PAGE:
It’s only at the end of a very busy week here in Tajikistan that I’ve been able to make the time to write a quick blog entry. Having gained entry to the Central Government Archive last Friday meant that I spent much of the week in the bowels of the Tajik archives, combing through materials that I think could be interesting for various dissertation chapters. Add to that the never-ending list of people to interview, blistering summer heat (one of the outdoor thermometers near the archive read 47 Celsius, or 116 Fahrenheit), and the hassle of getting around the city in marhshrutki and shared taxis, and often by the time I’ve gotten back to my host family’s house, I’m ready to collapse by 10 PM and wake up at 6 AM to get a start on the day before it gets too hot again.
Still, in just the span of a week, I’ve found a lot of neat stuff in the archives. Going into the Tajik archives, I tried to maintain a fairly open mind about what I thought could be interesting. I knew from previous experience of looking at their putevoditeli (guides to the files held in the archives) that there was little that really directly touched on economic development in Afghanistan. So what then to do, with about three weeks of unencumbered access and a delicious and cheap cafeteria across the street from the archive? Since one chapter of the dissertation (well, given how long this thing is turning out to be, perhaps only the eventual book manuscript version, I hope) attempts to take a comparative look at state-building in Soviet Central Asia, Iran, and Afghanistan from about the 1950s to the 1970s, I decided to start looking through the files of the Tajik Ministerstvo lesnogo khoziastvo (Ministry of Forest Economy, to translate the term awkwardly). In the meantime, too, I’ve started looking through the files of a smaler Tajik state administration that managed the Hissar River, and am trying to petition my contact people at the archive to see if they can drum up the file guides to the Nurek Dam, the world’s largest dam which was constructed in Tajikistan from 1961-1980.
Forests, rivers, and dams: these all might seem like eccentric interests, but they’re all actually really useful lenses for asking interesting historical questions about public administration and state-building. I first became (sort of) interested in this as a methodological direction during a week of Tony Grafton’s seminar for Princeton seniors interested in history, wherein we read Richard White’s The Organic Machine, a history of the Columbia River. Even as I went on to spend much of the next two or three years working on more straight-up intellectual history stuff in what became Writings on War, the embryo of what I hope is a good idea was implanted in my mind. Reading more widely into the work of people like Jim Scott or Thaddeus Sunseri (who, like me, has an interest in the history of West German forest sciences) convinced me that maybe this wasn’t such a crazy idea.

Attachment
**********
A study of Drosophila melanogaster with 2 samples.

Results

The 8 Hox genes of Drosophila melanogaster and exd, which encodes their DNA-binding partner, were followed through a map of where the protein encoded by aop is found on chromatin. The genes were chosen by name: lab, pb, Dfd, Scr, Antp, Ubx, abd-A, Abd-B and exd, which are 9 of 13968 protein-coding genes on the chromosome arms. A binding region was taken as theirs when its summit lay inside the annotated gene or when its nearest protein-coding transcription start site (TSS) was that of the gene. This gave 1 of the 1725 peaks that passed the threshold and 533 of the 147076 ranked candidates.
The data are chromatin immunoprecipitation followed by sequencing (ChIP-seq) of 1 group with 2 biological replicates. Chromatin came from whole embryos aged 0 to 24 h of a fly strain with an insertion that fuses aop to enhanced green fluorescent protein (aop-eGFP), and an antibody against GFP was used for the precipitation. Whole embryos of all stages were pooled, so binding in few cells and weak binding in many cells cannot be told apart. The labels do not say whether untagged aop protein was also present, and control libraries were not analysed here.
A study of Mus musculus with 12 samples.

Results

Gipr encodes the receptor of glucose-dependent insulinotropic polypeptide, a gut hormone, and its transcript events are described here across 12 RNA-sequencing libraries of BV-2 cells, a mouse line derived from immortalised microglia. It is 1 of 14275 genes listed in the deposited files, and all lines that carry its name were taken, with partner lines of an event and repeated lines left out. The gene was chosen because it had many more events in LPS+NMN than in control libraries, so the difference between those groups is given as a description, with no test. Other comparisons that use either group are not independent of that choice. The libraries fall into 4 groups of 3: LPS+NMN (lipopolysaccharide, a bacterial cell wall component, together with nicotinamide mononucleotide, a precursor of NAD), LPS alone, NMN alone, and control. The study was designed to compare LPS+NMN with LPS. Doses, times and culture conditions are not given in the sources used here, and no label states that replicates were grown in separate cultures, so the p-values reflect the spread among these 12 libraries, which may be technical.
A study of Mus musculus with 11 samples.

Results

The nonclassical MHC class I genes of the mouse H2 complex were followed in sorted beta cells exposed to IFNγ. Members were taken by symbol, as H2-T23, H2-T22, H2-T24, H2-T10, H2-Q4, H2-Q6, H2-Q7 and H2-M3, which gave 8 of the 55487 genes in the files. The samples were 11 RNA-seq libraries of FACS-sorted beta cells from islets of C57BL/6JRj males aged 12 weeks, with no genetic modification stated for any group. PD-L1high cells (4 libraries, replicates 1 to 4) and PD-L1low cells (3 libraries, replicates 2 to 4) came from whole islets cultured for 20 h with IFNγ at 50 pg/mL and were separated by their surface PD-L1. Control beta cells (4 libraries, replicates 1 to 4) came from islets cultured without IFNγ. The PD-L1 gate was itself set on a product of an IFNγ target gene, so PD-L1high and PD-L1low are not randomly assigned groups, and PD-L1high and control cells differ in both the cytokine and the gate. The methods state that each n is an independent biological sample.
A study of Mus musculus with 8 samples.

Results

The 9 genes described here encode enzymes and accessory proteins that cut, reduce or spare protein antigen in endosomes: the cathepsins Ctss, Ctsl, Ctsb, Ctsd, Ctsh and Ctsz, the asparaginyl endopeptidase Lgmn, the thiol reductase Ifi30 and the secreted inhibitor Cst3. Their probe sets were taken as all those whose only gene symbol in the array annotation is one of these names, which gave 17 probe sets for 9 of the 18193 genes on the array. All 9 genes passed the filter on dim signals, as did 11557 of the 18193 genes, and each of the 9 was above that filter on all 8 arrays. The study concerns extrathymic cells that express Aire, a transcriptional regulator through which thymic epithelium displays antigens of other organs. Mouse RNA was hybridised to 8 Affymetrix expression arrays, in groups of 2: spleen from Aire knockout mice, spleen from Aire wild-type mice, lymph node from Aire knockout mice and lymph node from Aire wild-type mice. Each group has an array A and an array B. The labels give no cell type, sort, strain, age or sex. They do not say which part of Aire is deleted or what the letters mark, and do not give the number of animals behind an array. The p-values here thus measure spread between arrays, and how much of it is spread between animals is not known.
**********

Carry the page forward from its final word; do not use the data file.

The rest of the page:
I’m looking in particular at the way that Tajik institutions (which were coordinated with forest surveying and planning efforts run out of Tashkent and Moscow) conceptualized the problem of resources and population in the Rasht Valley, a valley in central Tajikistan whose residents were repeatedly deported throughout the 20th century to collective farms on cotton-growing lowlands to become productive socialist laborers. I’ll withhold some of my thoughts on the connection between Soviet forestry and the specific Tajik stuff for now, but I think it’s an auspicious start. On top of that, the more I read works of Iranian scholars like Gholam Reza Afkhami on modernization under the Shah (who, like the Soviets, also nationalized his country’s forests and pastures during the White Revolution), the more connections across the region I see. With some luck, I should be able to make it back to my alma mater this coming January to look at some of American master modernizer David Lilienthal’s files on water planning and resettlement in Khuzestan in southwestern Iran, which happen to be held at Mudd Library at Princeton. Things are going well, in other words, but there’s still a lot of reading and writing and traveling on the horizon.